THE TOP 2 REAR
By Sean Nalewanyj
The rear delts don't get enough respect.
Most lifters spend plenty of time hammering their front and side delts through heavy chest and shoulder pressing, front raises and side lateral raises, but end up totally neglecting their rear delts in the process.
This has two main consequences...
1) You end up limiting the amount of total shoulder size and strength you can develop, since you're ignoring one of the three heads that make up this complete muscle group.
2) Just as importantly, you greatly increase your chances for shoulder injury. When your front delts become over-developed in comparison to the rear head (such is the case in the majority of bodybuilders), your shoulder joint ends up rolling forward and out of place.
This puts a lot of stress on those all-too-delicate rotator cuffs, and turns your entire shoulder joint into an injury-prone ticking time bomb.
Yes, your rear delts will receive stimulation during your rowing exercises for back, but for proper size and strength development you should definitely be including some direct isolation work as well.
The Top 2 Rear Deltoid Exercises
The rear delts are a relatively small muscle group and there is no need to perform an endless number of different exercises and variations in order to properly stimulate them.
There really are only 2 main rear deltoid exercises you'll need to include in your routine...
#1: Bent Over Rear Lateral Raises
This is a direct isolation lift for the rear deltoid and can be performed using a dumbbell or cables.
You'll start off in a bent over position with your upper body just above parallel to the ground, and will then raise the resistance out to your side.
Here are some very important tips to get the most out of this awesome rear deltoid exercise...
Tip #1: Stick to cables rather than dumbbells. While both tools will be effective, a dumbbell provides minimal to no resistance in the lower half of the exercise due to the force of gravity. A cable will keep constant, consistent tension on the rear delt throughout the entire exercise.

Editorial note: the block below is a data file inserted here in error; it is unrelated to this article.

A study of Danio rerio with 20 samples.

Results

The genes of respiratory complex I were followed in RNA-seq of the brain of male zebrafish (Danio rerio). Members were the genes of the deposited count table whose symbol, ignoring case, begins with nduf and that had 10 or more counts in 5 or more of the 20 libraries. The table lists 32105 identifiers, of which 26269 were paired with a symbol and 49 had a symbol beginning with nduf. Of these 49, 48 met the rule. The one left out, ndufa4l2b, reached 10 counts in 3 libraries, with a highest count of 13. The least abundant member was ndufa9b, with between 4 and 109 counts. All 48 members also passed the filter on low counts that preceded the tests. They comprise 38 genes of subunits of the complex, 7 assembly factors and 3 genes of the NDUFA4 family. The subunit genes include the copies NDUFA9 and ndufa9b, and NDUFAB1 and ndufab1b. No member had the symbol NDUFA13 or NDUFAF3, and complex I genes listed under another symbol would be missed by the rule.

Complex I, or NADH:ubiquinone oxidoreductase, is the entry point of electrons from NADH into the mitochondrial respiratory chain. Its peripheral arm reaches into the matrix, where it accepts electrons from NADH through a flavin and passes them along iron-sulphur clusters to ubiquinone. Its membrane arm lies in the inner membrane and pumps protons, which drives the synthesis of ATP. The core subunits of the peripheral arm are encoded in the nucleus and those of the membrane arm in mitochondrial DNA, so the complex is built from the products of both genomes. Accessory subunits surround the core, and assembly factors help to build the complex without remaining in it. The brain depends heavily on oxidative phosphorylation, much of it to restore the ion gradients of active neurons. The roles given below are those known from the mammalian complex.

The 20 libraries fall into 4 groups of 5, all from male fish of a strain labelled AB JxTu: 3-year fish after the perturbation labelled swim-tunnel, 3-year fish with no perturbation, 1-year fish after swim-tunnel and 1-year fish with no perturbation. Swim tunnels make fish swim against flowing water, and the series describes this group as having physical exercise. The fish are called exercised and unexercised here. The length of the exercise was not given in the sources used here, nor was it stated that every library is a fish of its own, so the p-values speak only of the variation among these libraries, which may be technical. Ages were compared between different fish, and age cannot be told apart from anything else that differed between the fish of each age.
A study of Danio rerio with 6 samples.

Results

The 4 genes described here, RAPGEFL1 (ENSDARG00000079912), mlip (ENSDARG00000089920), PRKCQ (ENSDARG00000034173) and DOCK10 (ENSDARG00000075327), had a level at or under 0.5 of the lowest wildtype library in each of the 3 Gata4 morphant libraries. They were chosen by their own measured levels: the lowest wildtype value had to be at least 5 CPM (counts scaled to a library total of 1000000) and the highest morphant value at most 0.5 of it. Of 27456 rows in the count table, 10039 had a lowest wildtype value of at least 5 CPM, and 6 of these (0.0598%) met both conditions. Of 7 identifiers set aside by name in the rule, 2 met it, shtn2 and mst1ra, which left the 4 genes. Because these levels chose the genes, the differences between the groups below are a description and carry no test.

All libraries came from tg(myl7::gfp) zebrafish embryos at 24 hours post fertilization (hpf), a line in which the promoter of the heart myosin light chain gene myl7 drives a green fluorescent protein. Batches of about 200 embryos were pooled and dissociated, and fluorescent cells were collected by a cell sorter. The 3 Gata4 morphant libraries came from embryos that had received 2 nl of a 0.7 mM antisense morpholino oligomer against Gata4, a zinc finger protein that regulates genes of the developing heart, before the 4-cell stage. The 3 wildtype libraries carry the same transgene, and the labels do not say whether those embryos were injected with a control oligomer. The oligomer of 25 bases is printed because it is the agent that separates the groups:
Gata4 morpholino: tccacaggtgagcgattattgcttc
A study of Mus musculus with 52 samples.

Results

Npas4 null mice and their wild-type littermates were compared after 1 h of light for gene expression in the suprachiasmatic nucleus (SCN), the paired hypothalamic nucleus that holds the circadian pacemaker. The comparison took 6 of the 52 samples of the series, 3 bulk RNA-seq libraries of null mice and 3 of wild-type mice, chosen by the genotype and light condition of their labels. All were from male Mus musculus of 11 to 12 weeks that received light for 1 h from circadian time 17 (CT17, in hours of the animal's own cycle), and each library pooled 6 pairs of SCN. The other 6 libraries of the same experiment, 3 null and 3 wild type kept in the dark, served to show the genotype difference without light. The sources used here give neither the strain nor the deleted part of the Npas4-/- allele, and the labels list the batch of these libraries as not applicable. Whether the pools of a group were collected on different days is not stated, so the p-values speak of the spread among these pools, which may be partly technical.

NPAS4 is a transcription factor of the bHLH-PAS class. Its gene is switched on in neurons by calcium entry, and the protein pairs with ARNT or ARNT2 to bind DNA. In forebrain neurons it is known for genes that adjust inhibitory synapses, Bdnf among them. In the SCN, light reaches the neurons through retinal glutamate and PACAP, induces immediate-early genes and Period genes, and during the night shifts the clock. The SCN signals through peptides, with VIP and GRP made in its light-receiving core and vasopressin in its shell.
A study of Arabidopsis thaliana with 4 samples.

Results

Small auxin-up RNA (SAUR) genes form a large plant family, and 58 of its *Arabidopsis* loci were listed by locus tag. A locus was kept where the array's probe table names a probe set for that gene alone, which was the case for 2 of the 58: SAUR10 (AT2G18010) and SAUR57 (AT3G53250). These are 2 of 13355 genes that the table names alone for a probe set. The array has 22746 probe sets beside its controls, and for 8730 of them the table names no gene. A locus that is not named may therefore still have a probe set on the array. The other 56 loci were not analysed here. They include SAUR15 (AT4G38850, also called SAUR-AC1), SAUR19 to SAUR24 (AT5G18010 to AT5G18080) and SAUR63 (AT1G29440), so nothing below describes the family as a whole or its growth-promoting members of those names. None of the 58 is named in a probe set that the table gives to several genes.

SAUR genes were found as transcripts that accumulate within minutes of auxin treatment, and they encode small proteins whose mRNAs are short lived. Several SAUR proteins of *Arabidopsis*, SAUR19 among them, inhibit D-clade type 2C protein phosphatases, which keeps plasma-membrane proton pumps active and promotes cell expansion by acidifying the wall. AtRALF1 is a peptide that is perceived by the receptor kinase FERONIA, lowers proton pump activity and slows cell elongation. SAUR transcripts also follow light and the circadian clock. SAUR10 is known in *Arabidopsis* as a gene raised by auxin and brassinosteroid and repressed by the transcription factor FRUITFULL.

Tip #2: Focus on pulling the weight with your elbow rather than your hand.
Tip #3: Perform every rep under strict control and stick with a moderate weight for a slightly higher rep range between 8-10.
Tip #4: Allow your shoulders to relax and hang forward throughout the exercise. When your scapula retracts, the tension is taken off of the rear delt and is placed onto your rhomboids, traps and other smaller muscles of the upper back.
#2: Face Pulls
Face pulls are a less common, but hugely effective exercise that should be included in any well rounded bodybuilding routine.
Not only are they one of the best rear deltoid exercises you can perform, but they also stimulate your traps and other upper back muscles to further counteract that anterior/posterior imbalance I mentioned earlier.
Face pulls are performed using a rope attachment and are essentially a row that is pulled towards your face.
Here are 3 important tips to always keep in mind on this exercise...
Tip #1: Always pull through your elbows rather than your hands, and focus on driving your elbows outward and away from each other as you pull the resistance towards your face.
Tip #2: Avoid heavy, low rep sets and instead perform your face pulls using a moderate weight for around 8-10 strictly controlled reps.
Tip #3: Pause briefly at the end of each concentric rep and squeeze the muscles of your upper back, focusing on pinching your shoulder blades together.
The Top 2 Rear Deltoid Exercises: Quick Review
When it comes to proper rear delt development, that's all you really need.
Perform 2-3 sets of bent over rear lateral raises (preferably using a cable rather than a dumbbell) and 2-3 sets of face pulls in combination with all of your rowing exercises for back.
These exercises should be executed using about 8-10 reps and can be performed 1-2 times per week for the best results.
Including these lifts will help you build a rounder, thicker set of shoulders and will help to prevent injuries as well.